Fr. Kevin McKenzie, LC, got excited about St. José Sánchez del Río at age 12. This interest led him to study the saint and write a book about him, which has just been published by Ignatius Press.
Recently, Fr. Kevin spoke with us about his book, Saint José: Boy Cristero Martyr, and this young saint.
What led you to develop this interest in St. José Sánchez del Río?
When I was 12, Br. Eric came in as a substitute religion teacher and told us stories. One was about this boy, José Sánchez, who wasn’t even a saint at the time that I heard his story. He’d joined an army to fight for religious freedom in Mexico, and had ultimately given his life. I remember hearing that and fireworks going off in my head. I thought, “This kid was 13 or 14 and he gave his life for Christ as a martyr; I have to do something like that.”
Later on, I looked for a book about him. There were none.
Since that time, how did you come to write a book? What kind of research did you do?
About 2005, I realized there still wasn’t a book about José, so I needed to put something together. I wanted something similar to the Ignatius Press saints books I’d read, dramatizing the saint’s life while being true to history.
While doing some research, I found that there were a few things in Spanish. I eventually got the positio, which is the formal document used for his beatification.
The process from when I started until I self-published the first version in 2014 took 9 years. Time was tight as I was studying to be a priest at the same time, but I managed to write 30 minutes each day. My mom kept insisting that I send it to publishers, so I eventually sent it to three Catholic publishers: two rejected it, Ignatius Press said they wanted it. I’ve spent the last few years tidying it up for Ignatius to publish it.
Can you tell us a little bit of the story of St. José Sánchez? Can you summarize it for someone who doesn’t know much about him?
Mexico was a tough place during the 1800s. There were something like 19 revolutions in Mexico. We talk about the American Revolution and our Civil War without much in between.
Even though Mexico was 99% Catholic, the government became virulently anti-Catholic. In the 1920s, Plutarco Calles, the new President, decided to enforce anticlerical laws so churches became government property, priests became state employees, homilies needed government review, cemeteries became state properties, you couldn’t wear religious garb, and the government could control the Church. A state might have 500 churches and the government could say, “We only need one so we’ll sell the rest off.”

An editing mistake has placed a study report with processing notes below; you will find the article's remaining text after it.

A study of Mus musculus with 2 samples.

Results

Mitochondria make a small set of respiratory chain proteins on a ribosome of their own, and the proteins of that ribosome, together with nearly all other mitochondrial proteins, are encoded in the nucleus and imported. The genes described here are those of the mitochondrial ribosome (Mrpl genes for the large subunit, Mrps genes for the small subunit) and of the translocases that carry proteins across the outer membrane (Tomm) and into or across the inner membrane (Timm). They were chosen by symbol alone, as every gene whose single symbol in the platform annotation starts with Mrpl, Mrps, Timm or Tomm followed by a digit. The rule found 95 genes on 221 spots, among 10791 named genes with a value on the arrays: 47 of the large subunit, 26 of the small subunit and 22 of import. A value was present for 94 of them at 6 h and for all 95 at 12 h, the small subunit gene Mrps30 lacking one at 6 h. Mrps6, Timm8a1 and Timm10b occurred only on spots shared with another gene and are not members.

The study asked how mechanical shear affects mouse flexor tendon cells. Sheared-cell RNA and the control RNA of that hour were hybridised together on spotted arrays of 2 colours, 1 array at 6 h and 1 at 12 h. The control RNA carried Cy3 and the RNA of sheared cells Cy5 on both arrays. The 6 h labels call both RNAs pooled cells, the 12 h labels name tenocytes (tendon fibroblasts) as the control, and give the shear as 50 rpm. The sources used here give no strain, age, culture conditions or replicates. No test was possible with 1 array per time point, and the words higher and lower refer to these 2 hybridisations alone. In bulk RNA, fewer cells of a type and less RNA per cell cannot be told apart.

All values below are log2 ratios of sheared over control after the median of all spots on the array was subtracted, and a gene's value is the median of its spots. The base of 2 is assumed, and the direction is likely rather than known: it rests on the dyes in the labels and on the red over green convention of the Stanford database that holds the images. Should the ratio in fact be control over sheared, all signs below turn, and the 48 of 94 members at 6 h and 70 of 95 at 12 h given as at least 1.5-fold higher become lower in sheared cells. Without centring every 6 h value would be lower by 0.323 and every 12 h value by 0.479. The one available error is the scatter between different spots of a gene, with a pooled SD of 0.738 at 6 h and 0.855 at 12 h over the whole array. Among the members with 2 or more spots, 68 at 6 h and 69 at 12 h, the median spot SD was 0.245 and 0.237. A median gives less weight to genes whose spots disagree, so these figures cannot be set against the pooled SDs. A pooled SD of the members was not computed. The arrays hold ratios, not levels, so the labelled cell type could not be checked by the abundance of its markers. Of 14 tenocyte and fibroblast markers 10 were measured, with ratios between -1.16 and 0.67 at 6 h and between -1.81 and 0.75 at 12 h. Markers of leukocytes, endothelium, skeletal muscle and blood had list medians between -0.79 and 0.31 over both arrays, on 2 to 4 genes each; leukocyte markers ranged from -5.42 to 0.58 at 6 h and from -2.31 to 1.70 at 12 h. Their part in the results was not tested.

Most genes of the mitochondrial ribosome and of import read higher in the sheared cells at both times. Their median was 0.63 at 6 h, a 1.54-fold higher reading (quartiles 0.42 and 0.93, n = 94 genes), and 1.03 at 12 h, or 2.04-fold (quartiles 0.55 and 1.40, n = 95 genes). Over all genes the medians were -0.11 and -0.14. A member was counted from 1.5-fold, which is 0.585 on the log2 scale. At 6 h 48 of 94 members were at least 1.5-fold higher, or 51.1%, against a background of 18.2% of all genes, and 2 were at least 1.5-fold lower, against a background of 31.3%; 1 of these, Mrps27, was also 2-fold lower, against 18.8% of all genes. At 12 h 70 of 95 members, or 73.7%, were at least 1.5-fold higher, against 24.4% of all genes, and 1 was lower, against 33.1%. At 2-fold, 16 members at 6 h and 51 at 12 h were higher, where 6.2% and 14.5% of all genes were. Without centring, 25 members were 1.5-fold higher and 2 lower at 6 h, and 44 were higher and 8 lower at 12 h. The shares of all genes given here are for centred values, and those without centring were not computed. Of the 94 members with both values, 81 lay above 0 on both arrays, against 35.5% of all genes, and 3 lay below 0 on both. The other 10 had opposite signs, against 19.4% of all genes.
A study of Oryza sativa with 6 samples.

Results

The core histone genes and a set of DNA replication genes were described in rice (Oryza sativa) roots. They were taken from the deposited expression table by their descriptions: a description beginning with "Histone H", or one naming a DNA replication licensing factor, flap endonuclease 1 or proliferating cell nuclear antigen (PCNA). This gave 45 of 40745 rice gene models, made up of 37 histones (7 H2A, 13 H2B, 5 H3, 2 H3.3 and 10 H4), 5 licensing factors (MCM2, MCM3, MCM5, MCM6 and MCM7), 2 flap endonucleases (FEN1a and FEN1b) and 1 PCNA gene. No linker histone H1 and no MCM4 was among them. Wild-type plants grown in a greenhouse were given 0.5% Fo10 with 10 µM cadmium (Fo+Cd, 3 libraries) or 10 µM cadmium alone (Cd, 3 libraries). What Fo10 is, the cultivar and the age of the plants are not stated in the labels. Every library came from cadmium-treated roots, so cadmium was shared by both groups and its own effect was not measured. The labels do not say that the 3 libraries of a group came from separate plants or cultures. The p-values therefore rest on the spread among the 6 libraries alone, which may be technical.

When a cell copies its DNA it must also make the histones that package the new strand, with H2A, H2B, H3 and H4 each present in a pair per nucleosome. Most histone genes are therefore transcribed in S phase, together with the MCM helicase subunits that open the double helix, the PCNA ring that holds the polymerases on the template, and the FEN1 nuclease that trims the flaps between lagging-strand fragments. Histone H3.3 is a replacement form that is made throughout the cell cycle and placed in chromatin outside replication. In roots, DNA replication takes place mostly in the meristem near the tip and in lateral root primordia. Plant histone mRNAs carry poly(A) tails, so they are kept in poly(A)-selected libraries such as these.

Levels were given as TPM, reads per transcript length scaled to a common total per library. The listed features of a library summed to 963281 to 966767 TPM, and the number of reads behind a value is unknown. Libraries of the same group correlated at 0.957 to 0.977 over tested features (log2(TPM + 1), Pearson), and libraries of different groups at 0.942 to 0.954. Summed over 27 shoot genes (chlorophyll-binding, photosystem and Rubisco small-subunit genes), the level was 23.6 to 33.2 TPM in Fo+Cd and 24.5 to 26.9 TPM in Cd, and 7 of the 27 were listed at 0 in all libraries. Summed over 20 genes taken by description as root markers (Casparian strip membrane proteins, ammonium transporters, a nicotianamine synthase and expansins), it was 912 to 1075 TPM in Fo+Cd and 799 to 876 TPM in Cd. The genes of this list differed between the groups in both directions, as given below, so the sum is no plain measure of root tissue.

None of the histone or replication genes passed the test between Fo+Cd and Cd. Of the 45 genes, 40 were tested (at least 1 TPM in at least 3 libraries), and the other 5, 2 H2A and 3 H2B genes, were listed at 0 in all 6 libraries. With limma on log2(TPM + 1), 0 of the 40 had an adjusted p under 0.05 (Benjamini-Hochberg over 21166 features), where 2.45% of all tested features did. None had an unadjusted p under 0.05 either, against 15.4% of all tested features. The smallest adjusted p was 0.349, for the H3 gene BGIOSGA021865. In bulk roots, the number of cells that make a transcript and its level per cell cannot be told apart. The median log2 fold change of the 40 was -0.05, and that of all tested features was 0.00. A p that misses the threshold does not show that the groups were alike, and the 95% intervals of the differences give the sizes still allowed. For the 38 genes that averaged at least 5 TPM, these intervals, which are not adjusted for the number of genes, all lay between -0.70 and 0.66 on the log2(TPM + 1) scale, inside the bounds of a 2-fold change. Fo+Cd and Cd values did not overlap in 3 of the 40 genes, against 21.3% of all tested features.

The bishops eventually invoked their nuclear option, shutting down all public worship in August of 1926. People flipped out and decided to fight the government on their own. They spontaneously began the Cristero War, with the battle cry “Long live Christ the King!”
Meanwhile, José was growing up in west-central Mexico. His dad was a rancher and his mother was a housewife, but also part of the Joan of Arc brigade that would help the Cristeros, bringing bullets, food, bandages, etc.
José saw all of this, and also saw his uncle, Fr. Ignacio, shot in the leg by the government. His two older brothers joined the Cristeros and he wanted to as well. It might seem crazy, but his parents let him go off and join the Cristeros at 14. His mom didn’t want him to fight, so he became the general’s bugler and flag-bearer. He also did odd jobs like cleaning rifles and peeling potatoes.
He was involved in three battles. The first was the pitched battle of Los Cutos, then two ambushes: the first during Mass and the second where he was captured. The Federal troops had set up an ambush to capture the Cristero general during a raid to destroy telegraph wires. They shot the general’s horse and José, who was beside as the flag-bearer, offered his horse to the general.
The Federal troops offered José freedom several times. At first, the asked him to say “Death to Christ the King!” José repeated “Long live Christ the King!” Then they asked him to join the Federal troops, which José viewed as a way of denying Christ so he just repeated, “Long live Christ the King, I’ll never serve the enemy government.”
He was imprisoned in Sahuayo where the mayor, Rafael Picasso, was his godfather. The mayor went to speak with José in the jail, which had previously been their parish church, but couldn’t convince him to change his mind.
Later that night José saw three roosters tied to the altar of the church turned into a jail making a mess. He broke the roosters’ necks. These were the fighting cocks of mayor Picasso, who was furious. He ordered José’s execution that night.
The soles of José’s feet were cut off and he was marched to the cemetery. They asked him repeatedly to deny his faith. He repeated, “Long live Christ the King!” as they shot him in the back of the head at about 10pm on February 10, 1928
The people in Sahuayo immediately knew he was a martyr. That night, people were already picking up dirt that his blood had fallen on to keep as relics.
Years later, as Picasso lay dying, he asked for a priest to hear his confession.
José was beatified in 2005 and canonized in 2016. He really inspired me to become a priest. I’ve known many young men who chose him as their confirmation saint, or dressed up as him on All Saints’ Day.
Fr. Kevin’s book is available on Amazon and the Ignatius Press web site.